Viking Energy. Photo Eidesvik
Finnish technology group Wärtsilä will be conducting what it says it the world’s first long-term, full-scale testing of ammonia fuel in a marine four-stroke combustion engine.
The project, which is made possible with more than $2 million grant from the Norwegian Research Council through the DEMO 2000 program, builds on Wärtsilä’s previous research on ammonia as a potential fuel to help the shipping industry reduce its greenhouse gas emissions.
“This is a great example that illustrates the importance of dedicated petroleum R&D. This DEMO 2000 project is another steppingstone for reaching our ambitious climate targets and it is also aligned with our recently published hydrogen strategy. We need to develop and use new technologies that reduce emissions,” said Tina Bru, Norwegian Minister of Petroleum and Energy.
Ammonia has emerged as a promising alternative fuel to help the shipping industry decarbonize according to the International Maritime Organization’s initial strategy to reduce greenhouse gas emissions from ocean shipping by at least 50 percent by 2050. While ammonia is currently derived mainly from fossil sources, its carbon footprint can be nearly eliminated if it is produced using electricity from renewable source.
Back in March, Wärtsilä announced it would move forward with more ammonia fuel testing after promising initial results. Ultimately, Wärtsilä is aiming to develop a complete ammonia fuel solution that comprises engines, fuel supply and storage.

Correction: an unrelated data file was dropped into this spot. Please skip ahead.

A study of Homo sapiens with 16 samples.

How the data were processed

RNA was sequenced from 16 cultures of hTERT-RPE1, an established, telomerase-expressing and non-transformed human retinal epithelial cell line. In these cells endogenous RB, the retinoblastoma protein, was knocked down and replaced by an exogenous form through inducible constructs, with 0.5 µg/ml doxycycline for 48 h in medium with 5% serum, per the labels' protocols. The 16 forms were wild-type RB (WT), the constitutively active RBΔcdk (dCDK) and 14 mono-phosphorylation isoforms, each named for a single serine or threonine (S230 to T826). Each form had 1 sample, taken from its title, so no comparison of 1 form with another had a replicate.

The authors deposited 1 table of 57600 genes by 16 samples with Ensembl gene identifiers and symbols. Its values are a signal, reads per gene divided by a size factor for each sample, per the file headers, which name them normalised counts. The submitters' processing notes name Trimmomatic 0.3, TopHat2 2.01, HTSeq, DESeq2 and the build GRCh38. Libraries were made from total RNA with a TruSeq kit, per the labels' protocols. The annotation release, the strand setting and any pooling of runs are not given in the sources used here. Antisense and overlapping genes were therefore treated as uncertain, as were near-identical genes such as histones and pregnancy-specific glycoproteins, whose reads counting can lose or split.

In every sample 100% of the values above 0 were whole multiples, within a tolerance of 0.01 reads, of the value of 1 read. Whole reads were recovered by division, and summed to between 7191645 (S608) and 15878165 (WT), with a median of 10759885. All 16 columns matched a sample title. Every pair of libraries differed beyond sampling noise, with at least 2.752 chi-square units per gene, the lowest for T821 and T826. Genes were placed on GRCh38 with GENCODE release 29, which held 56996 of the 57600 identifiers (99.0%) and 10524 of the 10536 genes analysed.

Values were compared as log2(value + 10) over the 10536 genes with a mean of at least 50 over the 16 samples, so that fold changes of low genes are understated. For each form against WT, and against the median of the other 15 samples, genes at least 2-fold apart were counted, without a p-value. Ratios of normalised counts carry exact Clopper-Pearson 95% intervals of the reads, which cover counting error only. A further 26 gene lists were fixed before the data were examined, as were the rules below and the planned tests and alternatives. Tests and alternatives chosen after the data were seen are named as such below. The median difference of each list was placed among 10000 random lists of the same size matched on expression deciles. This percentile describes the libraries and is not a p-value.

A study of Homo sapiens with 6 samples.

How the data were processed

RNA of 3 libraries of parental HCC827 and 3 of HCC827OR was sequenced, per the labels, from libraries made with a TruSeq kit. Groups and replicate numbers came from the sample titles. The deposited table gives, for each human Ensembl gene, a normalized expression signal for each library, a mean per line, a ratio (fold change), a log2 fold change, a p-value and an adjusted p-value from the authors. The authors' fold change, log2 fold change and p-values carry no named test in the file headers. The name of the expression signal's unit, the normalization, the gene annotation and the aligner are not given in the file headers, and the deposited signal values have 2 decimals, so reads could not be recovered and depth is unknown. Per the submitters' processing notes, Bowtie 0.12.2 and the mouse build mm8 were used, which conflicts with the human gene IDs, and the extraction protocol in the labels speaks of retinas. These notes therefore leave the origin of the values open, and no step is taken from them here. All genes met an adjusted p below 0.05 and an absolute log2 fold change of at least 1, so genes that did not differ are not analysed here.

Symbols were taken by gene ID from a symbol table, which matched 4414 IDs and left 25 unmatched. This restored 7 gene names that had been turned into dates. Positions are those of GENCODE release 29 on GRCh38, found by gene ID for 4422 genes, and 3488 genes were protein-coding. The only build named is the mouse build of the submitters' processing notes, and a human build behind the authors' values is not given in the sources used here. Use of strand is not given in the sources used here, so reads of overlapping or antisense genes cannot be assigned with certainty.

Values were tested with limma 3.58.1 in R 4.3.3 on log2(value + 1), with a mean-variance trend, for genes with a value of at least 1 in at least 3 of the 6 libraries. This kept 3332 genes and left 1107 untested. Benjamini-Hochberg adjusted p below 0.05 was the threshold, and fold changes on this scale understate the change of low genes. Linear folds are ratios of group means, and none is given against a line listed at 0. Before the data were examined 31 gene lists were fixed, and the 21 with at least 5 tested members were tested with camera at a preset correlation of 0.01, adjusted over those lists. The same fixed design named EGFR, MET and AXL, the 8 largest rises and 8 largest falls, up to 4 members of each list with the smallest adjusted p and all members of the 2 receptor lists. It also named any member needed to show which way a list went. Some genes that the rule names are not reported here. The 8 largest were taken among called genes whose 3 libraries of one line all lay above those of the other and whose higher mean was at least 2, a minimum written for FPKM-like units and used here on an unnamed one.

For the full-scale test, Wärtsilä close customer cooperation with Knutsen OAS Shipping AS and Repsol, as well as with the Sustainable Energy Catapult Centre. It will involve testing an ammonia driven fuel cell on the Eidesvik Offshore supply vessel, Viking Energy.
The project is expected commence in the Sustainable Energy Catapult Centre’s testing facilities at Stord, Norway during the first quarter of 2021.
“We are really excited to further develop and understand the combustion properties of ammonia as a carbon free fuel in one of our multi-fuel engines”, says Egil Hystad, General Manager, Market Innovation at Wärtsilä Marine Business.
“Ammonia storage and supply systems will be designed and developed for maximum personal safety, and in parallel with the Fuel Gas Handling System under development as part of the EU project ShipFC. This project is coordinated by NCE Maritime CleanTech, and it involves an ammonia driven fuel cell which will be tested on the Eidesvik Offshore supply vessel, Viking Energy”, Hystad added.